Now some fresh pickings from the Political Grapevine:

McCain's New Approach

John McCain has a new approach to the controversial immigration reform bill that cost him the support of many conservative Republicans.

The Arizona senator is now supporting a plan that cracks down on illegal immigration — but leaves out the guest worker program and path to citizenship that some critics called amnesty. McCain says the Senate "can still show the American people that we are serious about securing our nation's border."

But he's not abandoning the more controversial parts of the bill — saying the new plan would "provide an essential step towards achieving comprehensive reform in the future."

Critical Backlash?

A new stage comedy "Jihad: The Musical," premiered this week in Edinburgh, Scotland — but some critics aren't singing its praises.

The play is described as "a madcap gallop through the wacky world of international terrorism," and features songs such as "I Wanna Be Like Osama."

But protesters have launched a petition asking Prime Minister Gordon Brown to condemn what they're calling the "tasteless portrayal of terrorism and its victims."

The show launched just as one government adviser told Scotland Yard that as many as 1 in 11 British Muslims agree with and proactively support terrorism.

Handshake Blues

Former Iranian President Mohammad Khatami's future political career is in dire straits — over a handshake.

The Guardian reports that fundamentalists are outraged over video showing Khatami, an Islamic cleric, shaking hands with a group of women in Italy. Islam forbids handshakes between men and women who are not close relatives.

Khatami has dismissed the images as fakes, and even tried to deflect the attacks by promising not to run for president in 2009. But some radical clerics are now calling for Khatami to be defrocked.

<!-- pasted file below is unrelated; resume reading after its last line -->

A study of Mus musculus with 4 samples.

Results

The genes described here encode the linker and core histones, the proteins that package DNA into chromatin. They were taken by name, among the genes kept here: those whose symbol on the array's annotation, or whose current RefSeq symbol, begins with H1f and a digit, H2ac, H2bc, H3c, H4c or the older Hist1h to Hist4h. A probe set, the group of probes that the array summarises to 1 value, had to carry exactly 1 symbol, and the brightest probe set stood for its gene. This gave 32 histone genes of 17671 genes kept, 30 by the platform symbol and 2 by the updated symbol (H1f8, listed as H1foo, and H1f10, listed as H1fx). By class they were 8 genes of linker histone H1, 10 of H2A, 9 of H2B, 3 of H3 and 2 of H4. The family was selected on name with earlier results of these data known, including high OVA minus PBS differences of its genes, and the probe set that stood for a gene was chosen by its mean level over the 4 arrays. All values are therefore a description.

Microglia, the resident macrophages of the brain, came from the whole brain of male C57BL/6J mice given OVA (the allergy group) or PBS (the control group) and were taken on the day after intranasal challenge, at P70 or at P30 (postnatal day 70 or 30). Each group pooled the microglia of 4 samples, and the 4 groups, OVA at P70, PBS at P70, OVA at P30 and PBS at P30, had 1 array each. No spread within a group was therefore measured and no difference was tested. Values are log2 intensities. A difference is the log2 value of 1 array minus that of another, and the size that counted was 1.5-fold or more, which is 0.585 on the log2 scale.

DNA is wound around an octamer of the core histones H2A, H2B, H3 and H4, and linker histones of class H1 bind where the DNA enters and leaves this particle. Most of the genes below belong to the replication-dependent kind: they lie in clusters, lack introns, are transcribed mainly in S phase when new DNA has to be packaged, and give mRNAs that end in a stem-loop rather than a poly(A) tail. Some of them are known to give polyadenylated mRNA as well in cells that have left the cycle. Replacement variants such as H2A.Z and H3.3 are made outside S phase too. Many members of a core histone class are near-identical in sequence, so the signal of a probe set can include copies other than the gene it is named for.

Mad Men Make More $

A new study on women in the workplace finds that men who get angry at work are admired — but angry women are likely to be seen as "out of control" and incompetent.

Yale scholar Victoria Brescoll says a group of observers asked to watch a series of job interviews would offer angry men higher than average salaries, while angry women were penalized.

Brescoll says the study was inspired by Republican descriptions of Hillary Clinton as "too angry to be elected President," writing — "as Senator Clinton's experience suggests, for a professional woman anger expression may lead to a decrease rather than an increase in her status."

Bound for America

New French President Nicolas Sarkozy is planning for his first summer vacation in office. So where does the leader of a European power go to relax? How about Wolfeboro, New Hampshire?

The pro-American Sarkozy will get his R&R on the shores of Lake Winnipesaukee, a popular vacation destination with Bostonians — including Republican presidential candidate Mitt Romney, who owns a house there.

No word on why Sarkozy would spend August in a place with more French fries than French restaurants.

—FOX News Channel's Martin Hill contributed to this report.